By Joe Morgan via SWNS

Living near fracking sites can lead to an early death, warns a new study.

Elderly people are especially at risk if they live downwind or near directional drilling of oil, hydraulic fracturing or fracking.

Airborne contaminants emitted by Unconventional Oil and Gas Development (UOGD) and transported downwind are contributing to increased mortality, the researchers wrote.

While there have been connections with fracking and adverse effects on pre-natal, respiratory, cardiovascular and carcinogenic health, this is the largest study that examines mortality.

In the study, researchers studied more than 15 million people aged 65 and older living in a major fracking region in the US from 2001 to 2015.

They also gathered data from the records of more than 2.5 million oil and gas wells.

Researchers calculated the exposure to pollutants based on how close people lived to fracking operations, whether they were downwind, and adjusting for socioeconomic and environmental factors.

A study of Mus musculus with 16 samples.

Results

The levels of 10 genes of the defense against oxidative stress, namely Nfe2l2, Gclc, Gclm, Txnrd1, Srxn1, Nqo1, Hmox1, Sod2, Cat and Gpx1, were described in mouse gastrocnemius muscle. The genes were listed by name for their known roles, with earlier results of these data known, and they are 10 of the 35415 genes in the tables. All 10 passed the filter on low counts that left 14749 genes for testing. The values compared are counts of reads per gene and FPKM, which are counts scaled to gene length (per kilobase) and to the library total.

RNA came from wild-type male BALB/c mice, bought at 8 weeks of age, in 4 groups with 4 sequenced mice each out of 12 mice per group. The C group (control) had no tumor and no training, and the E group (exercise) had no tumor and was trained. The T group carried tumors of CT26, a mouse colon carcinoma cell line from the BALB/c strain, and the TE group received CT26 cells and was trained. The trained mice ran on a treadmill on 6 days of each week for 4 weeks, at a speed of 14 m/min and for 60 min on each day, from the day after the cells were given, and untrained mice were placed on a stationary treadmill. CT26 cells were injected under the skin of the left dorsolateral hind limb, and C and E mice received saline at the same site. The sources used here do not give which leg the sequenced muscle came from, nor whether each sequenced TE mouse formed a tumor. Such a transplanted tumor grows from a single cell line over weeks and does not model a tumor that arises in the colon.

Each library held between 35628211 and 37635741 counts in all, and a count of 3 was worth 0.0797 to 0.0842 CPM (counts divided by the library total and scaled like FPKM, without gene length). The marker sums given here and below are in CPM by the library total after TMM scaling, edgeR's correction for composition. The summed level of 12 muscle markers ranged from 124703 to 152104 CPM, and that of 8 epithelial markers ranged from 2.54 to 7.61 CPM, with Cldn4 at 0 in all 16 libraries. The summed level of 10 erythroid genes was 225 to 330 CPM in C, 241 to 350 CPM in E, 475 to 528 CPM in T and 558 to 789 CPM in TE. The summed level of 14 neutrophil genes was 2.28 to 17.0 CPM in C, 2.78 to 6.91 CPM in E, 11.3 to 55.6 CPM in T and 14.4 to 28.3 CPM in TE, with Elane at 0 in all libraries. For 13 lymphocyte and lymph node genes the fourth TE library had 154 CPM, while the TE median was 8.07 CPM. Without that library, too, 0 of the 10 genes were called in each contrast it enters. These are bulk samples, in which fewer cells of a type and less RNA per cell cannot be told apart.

The closer to UOGD wells people lived, they had a 2.5 percent higher risk compared to those who didn't live close to wells.

The study also found that people who lived near UOGD wells as well as downwind of them were at higher risk of premature death than those living upwind, when both groups were compared with people who were unexposed.

Professor Petros Koutrakis, from Harvard University, said: "Although unconventional oil and gas development is a major industrial activity in the US, very little is known about its public health impacts.

"Our study is the first to link mortality to UOGD-related air pollutant exposures,

Prof Francesca Dominici, co-author also from Harvard, said: “There is an urgent need to understand the causal link between living near or downwind of UOGD and adverse health effects.”

The study was published in the journal Nature Energy.